LONDON (AP) -- Signs that U.S. politicians are inching toward a budget deal that will avoid potentially damaging tax increases and spending cuts shored up markets Tuesday.
Investors are hopeful progress is being made between the White House and Congress on a budget deal before a year-end deadline. If a deal is not found, there will be automatic changes to taxes and spending — the so-called "fiscal cliff" — that many economists argue could eventually send the U.S. economy, the world's largest, into recession.
Following a weekend retreat by John Boehner, the Republican Speaker of the House of Representatives, over tax increases, President Barack Obama on Monday dropped his long-held insistence that taxes rise on individuals earning more than $200,000 and families making more than $250,000. He is now offering a new threshold of $400,000 and lowering his 10-year tax revenue goals from the $1.6 trillion he had argued for a few weeks ago.
Boehner told reporters Tuesday that he remains hopeful that a compromise can be reached but says Obama has yet to offer a balanced deficit-cutting plan. Boehner said Obama's latest offer of $1.3 trillion in tax increases over the next decade with $850 billion in spending cuts is not balanced enough.
Despite his apparent caution, investors remained hopeful that a deal is within reach.
"Arguably the market's mood has moved from one of hope to encouragement," said Nick Bennenbroek, an analyst at Wells Fargo Bank.
In Europe, the FTSE 100 index of leading British shares was up 0.5 percent at 5,943 while Germany's DAX rose 0.7 percent to 7,657. The CAC-40 in France was 0.3 percent higher at 3,650.
In the U.S., the Dow Jones industrial average was up 0.5 percent at 13,301 while the broader S&P 500 index rose 0.7 percent to 1,440.
The more optimistic market tone has diminished investors' fears to take on riskier assets. That's further boosted the euro, which was up another 0.4 percent at $1.3218, its first foray above $1.32 since early May. The common European currency has been buoyed in recent months by a drop in market fears over the financial crisis afflicting the 17-country eurozone.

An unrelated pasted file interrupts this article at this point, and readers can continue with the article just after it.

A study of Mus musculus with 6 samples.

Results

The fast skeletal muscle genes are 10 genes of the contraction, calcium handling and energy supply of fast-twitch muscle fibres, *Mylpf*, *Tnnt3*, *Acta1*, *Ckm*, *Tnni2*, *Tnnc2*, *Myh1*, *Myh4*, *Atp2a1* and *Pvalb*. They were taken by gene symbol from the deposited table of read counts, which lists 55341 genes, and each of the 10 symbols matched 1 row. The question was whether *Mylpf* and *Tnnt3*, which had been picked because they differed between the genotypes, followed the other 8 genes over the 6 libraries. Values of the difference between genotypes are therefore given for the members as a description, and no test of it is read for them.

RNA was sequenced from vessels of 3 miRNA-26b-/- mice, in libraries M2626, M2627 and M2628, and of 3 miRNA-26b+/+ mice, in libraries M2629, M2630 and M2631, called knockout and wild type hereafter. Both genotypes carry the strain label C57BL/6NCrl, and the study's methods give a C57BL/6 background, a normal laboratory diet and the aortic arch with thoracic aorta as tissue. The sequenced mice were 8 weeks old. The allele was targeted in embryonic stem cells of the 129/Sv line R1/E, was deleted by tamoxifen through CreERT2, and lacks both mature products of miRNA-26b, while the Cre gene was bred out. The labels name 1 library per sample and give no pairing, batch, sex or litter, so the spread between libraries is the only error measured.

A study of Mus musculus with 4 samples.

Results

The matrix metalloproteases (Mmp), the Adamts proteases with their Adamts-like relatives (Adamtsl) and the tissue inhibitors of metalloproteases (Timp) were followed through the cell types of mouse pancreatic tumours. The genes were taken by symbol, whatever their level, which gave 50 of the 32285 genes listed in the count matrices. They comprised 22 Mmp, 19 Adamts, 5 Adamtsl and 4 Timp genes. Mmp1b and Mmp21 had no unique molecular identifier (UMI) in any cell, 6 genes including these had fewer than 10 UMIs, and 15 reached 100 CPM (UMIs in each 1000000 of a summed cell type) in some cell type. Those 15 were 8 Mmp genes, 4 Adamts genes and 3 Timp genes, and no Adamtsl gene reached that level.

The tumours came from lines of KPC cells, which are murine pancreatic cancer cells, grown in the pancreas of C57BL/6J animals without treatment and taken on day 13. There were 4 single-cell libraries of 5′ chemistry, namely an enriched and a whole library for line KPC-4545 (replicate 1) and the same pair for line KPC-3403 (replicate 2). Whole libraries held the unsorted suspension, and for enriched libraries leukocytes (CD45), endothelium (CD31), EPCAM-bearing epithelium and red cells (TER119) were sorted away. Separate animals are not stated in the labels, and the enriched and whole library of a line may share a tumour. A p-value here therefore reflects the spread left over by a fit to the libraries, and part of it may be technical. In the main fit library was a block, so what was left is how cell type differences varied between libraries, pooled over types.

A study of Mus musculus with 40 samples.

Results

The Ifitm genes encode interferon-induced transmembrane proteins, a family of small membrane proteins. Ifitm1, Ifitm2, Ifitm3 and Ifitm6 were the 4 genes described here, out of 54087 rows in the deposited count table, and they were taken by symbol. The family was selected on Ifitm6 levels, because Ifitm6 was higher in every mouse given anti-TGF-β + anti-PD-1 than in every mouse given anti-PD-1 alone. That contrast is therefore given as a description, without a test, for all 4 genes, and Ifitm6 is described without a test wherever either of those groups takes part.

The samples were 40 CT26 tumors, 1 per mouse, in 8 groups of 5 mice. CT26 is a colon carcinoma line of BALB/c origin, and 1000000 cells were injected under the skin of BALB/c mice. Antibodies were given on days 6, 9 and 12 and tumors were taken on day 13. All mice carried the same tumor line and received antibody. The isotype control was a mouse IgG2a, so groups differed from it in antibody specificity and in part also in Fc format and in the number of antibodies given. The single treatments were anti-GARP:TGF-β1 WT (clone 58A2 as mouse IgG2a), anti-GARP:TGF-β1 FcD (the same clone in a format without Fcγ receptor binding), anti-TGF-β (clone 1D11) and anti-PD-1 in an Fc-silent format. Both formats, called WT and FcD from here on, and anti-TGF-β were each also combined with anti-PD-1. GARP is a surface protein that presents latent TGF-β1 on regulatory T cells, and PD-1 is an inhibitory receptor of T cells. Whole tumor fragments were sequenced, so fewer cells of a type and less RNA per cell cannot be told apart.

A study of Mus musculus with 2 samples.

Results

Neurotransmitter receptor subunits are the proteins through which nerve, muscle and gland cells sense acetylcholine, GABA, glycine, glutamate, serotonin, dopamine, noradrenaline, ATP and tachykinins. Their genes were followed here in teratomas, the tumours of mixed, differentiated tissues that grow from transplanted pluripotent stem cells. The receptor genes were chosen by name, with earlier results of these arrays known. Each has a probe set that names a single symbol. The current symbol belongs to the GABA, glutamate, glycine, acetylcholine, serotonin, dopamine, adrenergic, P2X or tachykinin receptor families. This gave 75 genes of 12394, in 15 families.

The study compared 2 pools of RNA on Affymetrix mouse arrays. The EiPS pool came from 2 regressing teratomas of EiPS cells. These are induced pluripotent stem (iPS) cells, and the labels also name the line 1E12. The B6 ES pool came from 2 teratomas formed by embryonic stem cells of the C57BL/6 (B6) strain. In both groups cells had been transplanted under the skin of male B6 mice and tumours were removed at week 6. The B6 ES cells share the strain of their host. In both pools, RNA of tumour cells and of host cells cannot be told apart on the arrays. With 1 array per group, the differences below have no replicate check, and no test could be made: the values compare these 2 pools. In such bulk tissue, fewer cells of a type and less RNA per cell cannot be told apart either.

Attention over the rest of the day will likely remain fixed on the budget discussions given that there is very little time left to agree a deal and then push it through both arms of Congress.
"There is a danger though that both parties will now revert back to their previous tactics of negotiating hard and utilizing the media to gather support," said Craig Erlam, market analyst at Alpari. "This would not benefit either side at this point and would only put the U.S. at risk of another embarrassing downgrade, as we saw last year following debt ceiling negotiations."
Markets have also been supported by hopes of more stimulus measures from China and Japan, the world's second and third largest economies.
In Japan, the focus remains on the weekend landslide election victory of the Liberal Democratic Party, whose leader, Shinzo Abe, in line to become prime minister, wants to shore up growth with higher public works spending.
That was despite concern about the consequences of adding to Japan's towering public debts and doubts about the effectiveness of looser policy.
Chinese stimulus hopes, meanwhile, were raised by a weekend pledge by new Communist Party leaders to support a recovery with more spending and easy credit if needed. They also promised reforms aimed at expanding private business.
In Asia, Tokyo's Nikkei 225 rose 1 percent to 9,923.01, adding to the previous session's 0.9 percent gain. China's benchmark Shanghai Composite Index was up 0.1 percent to 2,162.46 while Hong Kong's Hang Seng fell 0.1 percent to 22,494.73.
Oil prices tracked equities higher, with the benchmark New York rate up 57 cents at $87.77 a barrel.
Joe McDonald in Beijing contributed to this report.